Supreme Court of Canada in Ottawa (Dave Chan For The Globe and Mail)

EMMETT MACFARLANE

Steubenville’s rape outrage shines a light on our sex-consent laws Add to ...

The Steubenville, Ohio, rape case – in which two football players were sentenced to prison for raping a drunken 16-year-old girl – serves as a depressing reminder of where we stand as a society when it comes to sexual violence against women.

The media focus has disturbingly paid disproportionate attention to the “promising lives” – now “ruined” – of the two convicted teenaged rapists, whose status as high school football stars apparently contributed to the town dividing over the case amid accusations of an attempted cover up.


There is a pervasive and deeply troubling attitude about rape in our society that extends well beyond the confines of American high-school sports. Victims, in some forums, still must confront questions about their past sexual behaviour, how they were dressed, and how much they drank – as if any of those things justifies or explains away assault, or should allow anyone to imply consent where none exists.

A quick perusal of recent studies suggests that anywhere from 10 per cent to as few as 1 per cent of date rapes are reported in Canada. Fewer result in charges, and even fewer in convictions.

A related problem is the narrow association we tend to have of rape as violence committed by an attacking stranger. The majority of rape victims know their assailant. Further, not all victims resist with violence.

There appear to be people who believe “consent” can be reduced to “well, she didn’t physically resist.”

Until 1999, those people included a lot of Canadian judges. That was the year the Supreme Court finally repudiated the idea that there is a defence of “implied consent” as it relates to sexual assault. This overturned not only the original trial court decision, but the Alberta Court of Appeal decision to the contrary.

Effectively, the Supreme Court mandated that consent must be communicated through clear words or actions of a desire to engage in sexual activity. This does not – contrary to some critics’ claims – transform sexual relationships into a literal contractual one as if you’re buying a used car. But it sets into the law a simple enough axiom: you cannot just assume that someone wants you to touch them.

The notion that this actually needed to be articulated by our highest court as late as the turn of the century is a depressing one.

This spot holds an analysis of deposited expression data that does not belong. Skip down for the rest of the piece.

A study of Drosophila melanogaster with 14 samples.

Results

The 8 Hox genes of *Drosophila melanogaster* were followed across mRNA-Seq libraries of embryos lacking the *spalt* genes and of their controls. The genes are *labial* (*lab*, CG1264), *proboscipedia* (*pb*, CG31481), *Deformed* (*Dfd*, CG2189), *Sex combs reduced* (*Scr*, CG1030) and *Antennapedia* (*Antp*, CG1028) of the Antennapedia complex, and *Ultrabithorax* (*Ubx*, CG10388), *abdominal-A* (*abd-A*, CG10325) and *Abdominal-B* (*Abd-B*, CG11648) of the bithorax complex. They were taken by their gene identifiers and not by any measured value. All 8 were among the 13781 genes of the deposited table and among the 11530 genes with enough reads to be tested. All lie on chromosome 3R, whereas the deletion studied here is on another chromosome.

Changes to how Canadian courts have approached a host of issues around sexual assault are startlingly recent and represent a black eye for the justice system and for the Supreme Court in particular.

In 1991, the court struck down “rape shield” provisions of the Criminal Code that Parliament had put in place to prevent an assault complainant’s sexual history from routinely being introduced by defence lawyers. In 1994, the court changed a common-law rule so that it became possible to use the defence of “extreme intoxication” for sexual assault (i.e. that a perpetrator might be in a state of automatism when committing an assault and therefore not responsible for his actions). And in 1995, the court prescribed a fairly low threshold for granting defendants in sexual assault trials access to the victim’s private medical or therapeutic records.

Fortunately, in response to each of these cases, at the behest of (and in cooperation with) women’s groups, parliament introduced legislation that effectively minimized or reversed the effects of the court’s rulings.

But despite these developments, a broader culture of victim-blaming persists. It was but two years ago that a Manitoba judge commented on the state of an assault victim’s dress, noted “sex was in the air” and dismissed the perpetrator as a “clumsy Don Juan” who may have simply misunderstood what the victim wanted. This attitude should be chilling, but it seems sadly pervasive. If any good can come out of the Steubenville case, it will be that it impresses on more people what constitutes an acceptable understanding of consent.

Emmett Macfarlane is an assistant professor of political science at the University of Waterloo. His book Governing from the Bench: The Supreme Court of Canada and the Judicial Role was published this year by UBC Press.